Children and young people are particularly vulnerable to the inequalities reflected in and caused by transport policies, particularly those policies which prioritise adult car drivers’ needs. However, interventions focused on ‘healthier’ transport systems and more liveable cities have huge potential for simultaneously improving social wellbeing and equity for young people. Two research studies in London illustrate this potential. The implementation of 20mph zones has mitigated widening inequalities in child pedestrian injury, and free bus travel for young people has had positive effects on sustainability, equity and wellbeing. Universal free bus travel has removed ‘transport poverty’ as an issue for young people in London; contributed to young people’s independent mobility; and enhanced social participation, without reducing levels of physical activity. In transport, structural interventions which address the ‘root causes’ of inequality may have more potential than those which target individuals.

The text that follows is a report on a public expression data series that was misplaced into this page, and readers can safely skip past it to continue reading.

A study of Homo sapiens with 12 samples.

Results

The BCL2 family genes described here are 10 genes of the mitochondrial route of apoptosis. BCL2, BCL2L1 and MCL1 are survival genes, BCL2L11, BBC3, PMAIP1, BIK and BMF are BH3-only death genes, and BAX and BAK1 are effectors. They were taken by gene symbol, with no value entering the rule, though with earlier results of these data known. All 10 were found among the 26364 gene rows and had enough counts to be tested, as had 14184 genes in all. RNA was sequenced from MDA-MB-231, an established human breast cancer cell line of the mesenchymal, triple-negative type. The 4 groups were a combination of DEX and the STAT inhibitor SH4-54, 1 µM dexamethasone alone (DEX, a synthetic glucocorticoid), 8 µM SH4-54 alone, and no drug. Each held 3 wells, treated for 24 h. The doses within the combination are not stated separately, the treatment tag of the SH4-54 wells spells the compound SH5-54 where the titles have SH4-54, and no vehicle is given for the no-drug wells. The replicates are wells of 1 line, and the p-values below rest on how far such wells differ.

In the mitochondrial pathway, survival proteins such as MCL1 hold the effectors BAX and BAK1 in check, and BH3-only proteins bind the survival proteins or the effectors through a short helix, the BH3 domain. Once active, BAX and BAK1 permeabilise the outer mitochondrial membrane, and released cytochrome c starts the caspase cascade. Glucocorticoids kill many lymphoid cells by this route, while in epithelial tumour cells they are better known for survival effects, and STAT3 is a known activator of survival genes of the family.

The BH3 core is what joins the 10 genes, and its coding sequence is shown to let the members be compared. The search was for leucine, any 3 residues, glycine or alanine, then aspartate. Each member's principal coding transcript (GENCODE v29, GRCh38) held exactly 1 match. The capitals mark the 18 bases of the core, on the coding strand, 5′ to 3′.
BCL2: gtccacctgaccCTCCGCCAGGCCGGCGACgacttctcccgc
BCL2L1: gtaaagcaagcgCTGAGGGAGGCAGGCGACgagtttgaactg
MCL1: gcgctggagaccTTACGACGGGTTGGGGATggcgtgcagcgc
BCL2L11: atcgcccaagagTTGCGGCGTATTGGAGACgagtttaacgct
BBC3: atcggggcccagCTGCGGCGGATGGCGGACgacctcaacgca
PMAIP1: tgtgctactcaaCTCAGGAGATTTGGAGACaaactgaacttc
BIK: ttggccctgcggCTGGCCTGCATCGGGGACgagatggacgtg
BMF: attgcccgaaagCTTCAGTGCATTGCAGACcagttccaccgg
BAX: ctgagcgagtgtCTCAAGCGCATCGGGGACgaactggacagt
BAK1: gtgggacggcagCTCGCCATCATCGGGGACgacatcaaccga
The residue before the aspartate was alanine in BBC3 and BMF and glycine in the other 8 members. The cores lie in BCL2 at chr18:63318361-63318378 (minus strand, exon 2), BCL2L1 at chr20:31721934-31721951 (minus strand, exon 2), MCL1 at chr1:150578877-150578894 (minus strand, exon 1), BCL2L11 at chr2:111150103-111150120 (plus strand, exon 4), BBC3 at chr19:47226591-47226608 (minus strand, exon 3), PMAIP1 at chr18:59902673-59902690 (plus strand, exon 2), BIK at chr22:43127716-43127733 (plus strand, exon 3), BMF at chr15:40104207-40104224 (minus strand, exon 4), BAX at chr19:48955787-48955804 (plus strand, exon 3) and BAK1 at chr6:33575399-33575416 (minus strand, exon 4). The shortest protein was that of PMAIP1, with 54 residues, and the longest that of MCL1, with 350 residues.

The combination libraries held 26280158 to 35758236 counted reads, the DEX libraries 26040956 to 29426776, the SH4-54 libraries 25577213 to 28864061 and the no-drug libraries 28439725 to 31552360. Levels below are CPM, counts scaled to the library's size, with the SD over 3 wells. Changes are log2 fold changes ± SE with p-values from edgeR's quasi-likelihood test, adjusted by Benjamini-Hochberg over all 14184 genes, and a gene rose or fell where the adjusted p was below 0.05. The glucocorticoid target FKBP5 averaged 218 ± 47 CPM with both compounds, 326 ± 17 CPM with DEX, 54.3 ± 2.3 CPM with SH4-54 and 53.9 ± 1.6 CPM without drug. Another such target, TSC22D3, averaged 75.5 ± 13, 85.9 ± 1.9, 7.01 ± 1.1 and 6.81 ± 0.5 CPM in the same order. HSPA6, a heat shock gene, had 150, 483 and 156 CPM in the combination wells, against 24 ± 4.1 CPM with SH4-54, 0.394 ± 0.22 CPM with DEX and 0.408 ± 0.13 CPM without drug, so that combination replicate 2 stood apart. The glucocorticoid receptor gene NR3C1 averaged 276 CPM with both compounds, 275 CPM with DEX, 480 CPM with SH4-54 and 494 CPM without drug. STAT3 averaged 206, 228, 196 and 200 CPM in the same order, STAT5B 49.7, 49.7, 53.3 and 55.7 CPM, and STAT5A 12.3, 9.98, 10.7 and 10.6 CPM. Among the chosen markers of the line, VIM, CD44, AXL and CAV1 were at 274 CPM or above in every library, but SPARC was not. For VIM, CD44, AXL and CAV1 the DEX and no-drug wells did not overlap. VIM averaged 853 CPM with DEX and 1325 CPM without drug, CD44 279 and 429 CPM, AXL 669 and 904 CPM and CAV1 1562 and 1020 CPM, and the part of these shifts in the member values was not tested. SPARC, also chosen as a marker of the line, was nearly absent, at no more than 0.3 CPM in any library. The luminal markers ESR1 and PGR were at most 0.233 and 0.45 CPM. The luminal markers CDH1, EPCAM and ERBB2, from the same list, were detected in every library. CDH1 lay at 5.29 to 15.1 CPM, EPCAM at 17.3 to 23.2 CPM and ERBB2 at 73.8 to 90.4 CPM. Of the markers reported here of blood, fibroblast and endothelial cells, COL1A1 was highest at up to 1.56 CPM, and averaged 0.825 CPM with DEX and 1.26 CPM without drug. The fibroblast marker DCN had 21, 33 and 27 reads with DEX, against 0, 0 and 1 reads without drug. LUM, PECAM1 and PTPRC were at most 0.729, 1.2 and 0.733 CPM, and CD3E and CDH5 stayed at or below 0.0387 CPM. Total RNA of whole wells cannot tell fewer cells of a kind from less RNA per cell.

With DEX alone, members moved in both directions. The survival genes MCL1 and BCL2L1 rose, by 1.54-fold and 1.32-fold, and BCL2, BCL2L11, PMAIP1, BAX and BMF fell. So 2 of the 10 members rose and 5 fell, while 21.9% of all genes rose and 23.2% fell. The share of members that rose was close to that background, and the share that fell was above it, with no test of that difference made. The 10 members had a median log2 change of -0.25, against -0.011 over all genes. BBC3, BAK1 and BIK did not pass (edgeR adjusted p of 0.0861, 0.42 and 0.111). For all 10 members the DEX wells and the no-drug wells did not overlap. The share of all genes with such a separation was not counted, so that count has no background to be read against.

Reader in Sociology of Health, London School of Hygiene and Tropical Medicine.
Dr Judith Green is a medical sociologist, with degrees in anthropology and medical sociology. Before joining LSHTM in 1996, she held posts at South Bank University, the Department of General Practice and Primary Care at UMDS (Guy's), where she completed a PhD on the sociology of accidents, and the Department of General Practice at King's College School of Medicine.
Dr Green currently edits Critical Public Health, an international peer-reviewed journal which publishes a broad range of critical research and commentary on and for public health, and recently co-edited (with Ron Labonte) a collection of articles from the journal, Critical Perspectives in Public Health.
Dr Green's primary research interests are in the sociology of health service organisation and delivery (particularly the development of qualitative methodology in this area) and sociological research of determinants of health and health inequality, particularly on transport and health.